Government Housing Programs Seniors Need To Know About

In an ideal world, all seniors would be able to retire and live out their “golden years” in joy, including financial security. Unfortunately, the reality of the situation does not meet this ideal. Many seniors do not have enough money to retire in financial security, even if they receive social security payments or keep working.

Government-Housing-Programs

Home Equity Conversion Mortgages (HECM) – Reverse Mortgage

If you own your home with no mortgage, you have a good deal of money in your home known as equity. This is the amount of money you would receive for selling your home, minus selling expenses. But what if you need this money now and can’t or don’t want to sell your home? The solution might be a special program for seniors, commonly called a reverse mortgage, formally administered by the federal government as a HEMC. It is called a reverse mortgage because instead of you making payments – you receive money instead. This money is then paid back after you later decide to sell your home or after you pass away. This HECM program is one of the best ways to stay in your home and receive the money you need to meet expenses.

The HECM program is managed by the United States Department of Housing (HUD) and the basic program requirements are:

• Be 62 years of age or older
• Own the property free and clear or have a small mortgage balance remaining
• Occupy the property as your principal residence (you can still own a vacation home as well)
• Not be delinquent on any federal debts (such as income taxes)
• Must attend a consumer information and counseling session given by an approved HECM counselor – in advance of formally applying
• Only available through a HUD approved HECM lender

Section 202 Supportive Housing for the Elderly Program

For seniors who don’t own their own home or otherwise qualify for a HECM, then the Section 202 program administered by HUD can help them to obtain affordable housing. This type of assistance is only available to people 62 years old and up, plus they must be considered as low income. This usually means that your household income is less than 50% of the local area’s median income. Eligible persons can then get subsidized rental housing, in Section 202 approved developments. Approved applicants will only have to pay 30% of their net income as rent. These Section 202 developments must meet the standards of appropriate senior housing as set forth by HUD.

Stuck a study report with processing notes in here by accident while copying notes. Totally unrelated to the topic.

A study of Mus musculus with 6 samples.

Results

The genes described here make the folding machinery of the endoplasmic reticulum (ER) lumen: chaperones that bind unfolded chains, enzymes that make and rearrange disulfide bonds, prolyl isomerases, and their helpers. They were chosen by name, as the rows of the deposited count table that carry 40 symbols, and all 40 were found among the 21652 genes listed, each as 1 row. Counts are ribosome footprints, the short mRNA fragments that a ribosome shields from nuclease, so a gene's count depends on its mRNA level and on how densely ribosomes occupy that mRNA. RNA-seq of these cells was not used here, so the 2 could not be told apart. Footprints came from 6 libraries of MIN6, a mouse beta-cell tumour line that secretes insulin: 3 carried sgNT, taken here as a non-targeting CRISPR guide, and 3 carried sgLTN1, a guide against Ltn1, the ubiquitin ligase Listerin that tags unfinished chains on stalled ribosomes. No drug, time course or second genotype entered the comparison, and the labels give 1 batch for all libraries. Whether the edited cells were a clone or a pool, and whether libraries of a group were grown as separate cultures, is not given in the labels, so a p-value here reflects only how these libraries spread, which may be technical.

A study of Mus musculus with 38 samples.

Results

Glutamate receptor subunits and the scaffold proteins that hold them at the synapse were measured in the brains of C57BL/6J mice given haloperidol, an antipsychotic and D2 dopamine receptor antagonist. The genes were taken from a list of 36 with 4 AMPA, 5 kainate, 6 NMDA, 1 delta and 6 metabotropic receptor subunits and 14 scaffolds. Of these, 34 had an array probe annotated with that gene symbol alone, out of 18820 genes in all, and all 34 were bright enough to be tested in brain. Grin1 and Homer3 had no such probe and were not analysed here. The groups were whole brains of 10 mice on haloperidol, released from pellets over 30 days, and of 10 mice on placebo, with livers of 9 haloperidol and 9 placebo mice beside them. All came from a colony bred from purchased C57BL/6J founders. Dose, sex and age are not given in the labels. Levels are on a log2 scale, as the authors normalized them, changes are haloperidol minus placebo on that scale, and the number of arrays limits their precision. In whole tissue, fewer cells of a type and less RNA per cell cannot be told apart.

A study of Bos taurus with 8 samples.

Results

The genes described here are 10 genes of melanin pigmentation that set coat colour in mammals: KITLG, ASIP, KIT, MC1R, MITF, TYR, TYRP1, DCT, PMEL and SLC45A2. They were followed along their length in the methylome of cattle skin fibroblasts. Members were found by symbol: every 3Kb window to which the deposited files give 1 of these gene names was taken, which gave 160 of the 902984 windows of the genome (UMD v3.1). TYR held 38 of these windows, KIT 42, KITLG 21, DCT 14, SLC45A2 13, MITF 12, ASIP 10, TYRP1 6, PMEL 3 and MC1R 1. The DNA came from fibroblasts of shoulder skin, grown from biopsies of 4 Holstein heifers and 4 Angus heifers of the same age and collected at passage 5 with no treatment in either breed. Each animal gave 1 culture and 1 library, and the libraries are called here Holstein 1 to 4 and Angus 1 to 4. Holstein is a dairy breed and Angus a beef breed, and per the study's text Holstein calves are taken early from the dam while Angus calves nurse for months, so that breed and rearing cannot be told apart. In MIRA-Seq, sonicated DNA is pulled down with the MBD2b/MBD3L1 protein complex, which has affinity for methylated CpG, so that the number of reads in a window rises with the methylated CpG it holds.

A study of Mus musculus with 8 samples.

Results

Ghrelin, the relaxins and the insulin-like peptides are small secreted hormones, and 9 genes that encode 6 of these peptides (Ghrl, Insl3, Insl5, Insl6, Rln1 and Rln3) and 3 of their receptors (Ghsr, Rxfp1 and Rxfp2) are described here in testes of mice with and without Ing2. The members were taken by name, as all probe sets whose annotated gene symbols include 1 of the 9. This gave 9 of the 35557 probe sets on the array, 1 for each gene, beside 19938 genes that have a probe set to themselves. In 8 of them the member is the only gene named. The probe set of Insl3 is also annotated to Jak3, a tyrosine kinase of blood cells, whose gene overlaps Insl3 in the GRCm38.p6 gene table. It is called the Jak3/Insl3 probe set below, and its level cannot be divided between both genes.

Low-Income Housing Tax Credit

This program works by providing property owners (landlords) with tax credits in return for offering low rent residences to low income tenants. The definition of low income is again usually less than 50% of the local area’s median income. Many of these participating properties are specifically for seniors, either over 55 or 62 depending on the individual development.

FHA and VA Home Improvement Grants and Loans

The federal government has several programs to assist senior homeowners to repair or improve their homes. This is especially true if the work needed is to fix health and safety issues or make the home more accessible for seniors with mobility problems. The assistance is available with some grants (no repayment) or loans that are often with deferred repayment. The Federal Housing Agency (FHA) manages most of these programs and the federal Veteran’s Administration (VA) runs these types of programs for homeowners who are armed services veterans.

Low Income Home Energy Assistance Program (LIHEAP)

For senior homeowners who live in areas with cold winters or hot summers, paying for their energy bills can be a major problem. The LIHEAP program can help low income seniors with their heating and cooling energy costs, bill payment assistance, energy crisis assistance, weatherization and energy-related home repairs. To be eligible, your annual income must be under $20,000 for a single or $27,000 for a couple. People already receiving SSI assistance are often automatically eligible for this program. LIHEAP is administered by the U.S. Department of Health and Human Services ( the social security people).

State Housing Programs

In addition to affordable housing programs from the federal government, many states also have their own similar programs for residents of their state. Some examples of these are:

– Florida: The Florida Housing Finance Corporation runs several affordable housing programs, foreclosure assistance and other related programs.

– New York: Programs and assistance are available through the New York Foundation for Senior Citizens, New York City’s Senior Affordable Rental Housing and New York State’s Affordable Housing Corporation.

– California: Various affordable housing assistance and programs are available through the state’s Department of Social Services. Also, many of the individual local governments (cities and counties) have affordable housing for seniors programs.